Monday, July 20, 2015

Pixhawk Versus APM Comparison Review

This blog entry compares two flight controllers from the Ardupilot 3DR-Open-Source stream: the generic APM 2.X controller and the Pixhawk.  I am an intermediate multirotor builder and flyer, so this comparison will focus on functionality and useability, not on advanced features.  Also, this review is based on my experience with 5 different APM modules (none sourced from 3DR) in three different physical forms: standard, mini, and micro (also called mini by some) sourced from Hobbyking and generic Chinese manufacturers.  The Pixhawk is available from multiple domestic and Chinese sources and you should check the reviews to make sure you are getting one with decent build quality.  Each was used with corresponding GPS/Compass units from the same manufacturers.  I built three different quadcopters and used them with different controllers.

Feature/CharacteristicGeneric APM 2.X3DR PixhawkComment
Size/WeightSmallLargerAPM is available in 35x35x5 mm board.  Pixhawk is 81x50x16 mm
CostLowHigher, about 4XAPM with GPS ~$65
QualityVariableBetterInspect a generic APM after you get it for poor soldering, loose USB..
SupportGoodGoodThe best support is from peers on DIYdrones and APM forums
Flight StabilityGoodGoodThis is my experience with a well setup APM and Pixhawk, your experience may vary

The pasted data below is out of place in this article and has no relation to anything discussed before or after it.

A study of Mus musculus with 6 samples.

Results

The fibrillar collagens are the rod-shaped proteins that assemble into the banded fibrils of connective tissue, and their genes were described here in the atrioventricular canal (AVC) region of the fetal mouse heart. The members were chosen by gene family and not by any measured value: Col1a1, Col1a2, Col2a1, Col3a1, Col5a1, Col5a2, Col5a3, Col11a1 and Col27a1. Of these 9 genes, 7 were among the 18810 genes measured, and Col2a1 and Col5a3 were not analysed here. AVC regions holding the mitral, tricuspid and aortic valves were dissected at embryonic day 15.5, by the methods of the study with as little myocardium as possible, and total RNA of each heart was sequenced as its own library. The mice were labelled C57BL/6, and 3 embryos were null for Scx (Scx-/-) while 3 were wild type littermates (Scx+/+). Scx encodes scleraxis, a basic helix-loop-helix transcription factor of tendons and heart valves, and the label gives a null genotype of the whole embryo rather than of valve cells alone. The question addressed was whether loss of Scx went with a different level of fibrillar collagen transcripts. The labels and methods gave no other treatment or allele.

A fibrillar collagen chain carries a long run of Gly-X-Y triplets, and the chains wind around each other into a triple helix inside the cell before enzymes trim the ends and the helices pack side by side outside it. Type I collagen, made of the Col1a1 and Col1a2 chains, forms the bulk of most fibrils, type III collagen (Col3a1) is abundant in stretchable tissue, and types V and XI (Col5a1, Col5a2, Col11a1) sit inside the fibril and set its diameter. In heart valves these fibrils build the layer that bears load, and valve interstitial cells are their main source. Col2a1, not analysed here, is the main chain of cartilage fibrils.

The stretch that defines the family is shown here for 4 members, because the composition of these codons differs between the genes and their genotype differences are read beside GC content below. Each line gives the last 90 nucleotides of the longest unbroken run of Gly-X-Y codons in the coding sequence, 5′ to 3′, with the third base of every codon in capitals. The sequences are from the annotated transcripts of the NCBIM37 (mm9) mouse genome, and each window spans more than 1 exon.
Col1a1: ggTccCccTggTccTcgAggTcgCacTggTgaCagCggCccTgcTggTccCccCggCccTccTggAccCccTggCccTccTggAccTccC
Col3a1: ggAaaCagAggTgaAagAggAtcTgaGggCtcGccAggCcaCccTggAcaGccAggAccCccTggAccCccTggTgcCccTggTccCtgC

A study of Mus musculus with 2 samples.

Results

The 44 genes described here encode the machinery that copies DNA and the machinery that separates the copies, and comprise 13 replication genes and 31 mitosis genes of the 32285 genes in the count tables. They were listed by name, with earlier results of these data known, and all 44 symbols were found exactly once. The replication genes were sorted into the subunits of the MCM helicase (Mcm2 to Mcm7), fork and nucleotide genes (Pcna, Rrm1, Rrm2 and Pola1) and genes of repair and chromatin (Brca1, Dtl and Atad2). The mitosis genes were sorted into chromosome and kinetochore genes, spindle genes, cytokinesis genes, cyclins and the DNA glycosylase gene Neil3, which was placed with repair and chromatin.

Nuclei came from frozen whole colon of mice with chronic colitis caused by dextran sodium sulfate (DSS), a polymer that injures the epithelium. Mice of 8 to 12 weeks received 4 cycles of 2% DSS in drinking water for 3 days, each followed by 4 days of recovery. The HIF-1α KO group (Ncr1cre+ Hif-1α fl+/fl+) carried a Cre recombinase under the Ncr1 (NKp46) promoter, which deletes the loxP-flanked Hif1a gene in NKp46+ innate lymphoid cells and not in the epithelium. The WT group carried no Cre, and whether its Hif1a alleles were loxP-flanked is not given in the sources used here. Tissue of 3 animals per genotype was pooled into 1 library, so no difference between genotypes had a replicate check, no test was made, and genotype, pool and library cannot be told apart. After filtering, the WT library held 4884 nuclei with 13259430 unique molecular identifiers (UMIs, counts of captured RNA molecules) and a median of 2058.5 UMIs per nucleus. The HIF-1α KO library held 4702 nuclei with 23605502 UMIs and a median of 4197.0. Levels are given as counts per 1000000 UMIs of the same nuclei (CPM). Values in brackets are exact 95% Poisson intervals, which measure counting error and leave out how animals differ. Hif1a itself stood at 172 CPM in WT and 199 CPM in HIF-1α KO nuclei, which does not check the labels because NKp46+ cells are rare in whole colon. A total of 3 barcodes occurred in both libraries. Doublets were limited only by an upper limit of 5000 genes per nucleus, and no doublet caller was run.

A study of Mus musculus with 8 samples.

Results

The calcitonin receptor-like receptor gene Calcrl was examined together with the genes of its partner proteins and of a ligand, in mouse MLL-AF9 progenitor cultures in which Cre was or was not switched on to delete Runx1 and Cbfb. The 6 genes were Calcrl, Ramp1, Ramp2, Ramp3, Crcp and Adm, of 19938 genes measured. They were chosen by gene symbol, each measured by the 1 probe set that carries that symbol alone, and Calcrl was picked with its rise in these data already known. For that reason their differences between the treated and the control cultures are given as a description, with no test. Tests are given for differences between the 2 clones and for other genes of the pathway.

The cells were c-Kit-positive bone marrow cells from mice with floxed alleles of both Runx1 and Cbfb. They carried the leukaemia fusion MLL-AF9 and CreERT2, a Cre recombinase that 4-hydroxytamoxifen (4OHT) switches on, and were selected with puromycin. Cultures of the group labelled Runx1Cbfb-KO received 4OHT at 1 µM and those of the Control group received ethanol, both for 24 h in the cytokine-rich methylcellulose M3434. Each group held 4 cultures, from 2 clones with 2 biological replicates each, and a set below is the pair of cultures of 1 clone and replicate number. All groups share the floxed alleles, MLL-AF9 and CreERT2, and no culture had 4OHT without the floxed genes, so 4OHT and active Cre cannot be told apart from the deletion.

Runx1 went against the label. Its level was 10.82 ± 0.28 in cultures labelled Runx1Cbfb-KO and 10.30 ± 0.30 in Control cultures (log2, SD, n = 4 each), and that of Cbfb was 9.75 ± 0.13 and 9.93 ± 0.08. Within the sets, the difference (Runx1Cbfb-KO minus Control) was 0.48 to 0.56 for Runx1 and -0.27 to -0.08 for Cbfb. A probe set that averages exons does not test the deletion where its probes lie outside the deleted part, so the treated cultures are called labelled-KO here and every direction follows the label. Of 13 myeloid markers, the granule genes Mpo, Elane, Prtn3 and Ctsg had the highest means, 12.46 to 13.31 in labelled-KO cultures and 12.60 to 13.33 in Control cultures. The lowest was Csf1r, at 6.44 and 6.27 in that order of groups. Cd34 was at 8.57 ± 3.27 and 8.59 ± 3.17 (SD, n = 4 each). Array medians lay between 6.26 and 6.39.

AccuracyGoodBetterIt does depend on your GPS and its accuracy.  Pixhawk has a more powerful processor and more memory
Onboard indicatorsPoorGoodPixhawk has multiple LEDs and tones to tell you status, APM has a few LEDs
Ease of SetupModerateModerateMore components to interconnect on Pixhawk, but well documented. Cables and connectors often an issue with APM and documentation must be found on the Internet.
Ability to fly autonomous missionsYesYes
Mission Planner Ground Station CompatibilityYesYes
Flight logging CapabilityGoodBetterPixhawk logs more information and has a microSD for storage. APM has limited storage of most important variables.
UpgradeabilityNoneYesAPM code is now frozen to my knowledge, but Pixhawk software with improvements still being released
Debugging difficultyGoodMore difficultAPMs seem to always work, Pixhawk is more finicky about ESCs, setup, etc.

Overall, both controllers are excellent and have worked well for me.  The APM is a better fit for small quadcopters and is probably better for the beginner builder due to its simpler setup and low cost.  The Pixhawk is very good but it takes more time to set up and it is likely higher quality and performance, so it works well in larger camera quadcopters and similar expensive vehicles.

APM equipped SK450 "Dead Cat" Quadcopter
S500 Quadcopter with Pixhawk


  1. What are differences in terms of performance specs like RTL,Stable Mode etc!
    And do you think pixhawk clone boards will perform eually to the original one!

    1. I use both the original pixhawk from 3DR and a Holybro clone. Both are equal in terms of performance, even to the point of having the same faults like difficulty calibrating the ESC endpoints. The APM clones are similar in performance for basic capabilities like RTL, loiter, etc but they cannot take up to date firmware, cannot handle more advanced commands, etc. At this point, given the price of Pixhawk clones and the reduction in size, I would recommend a pixhawk clone over apm.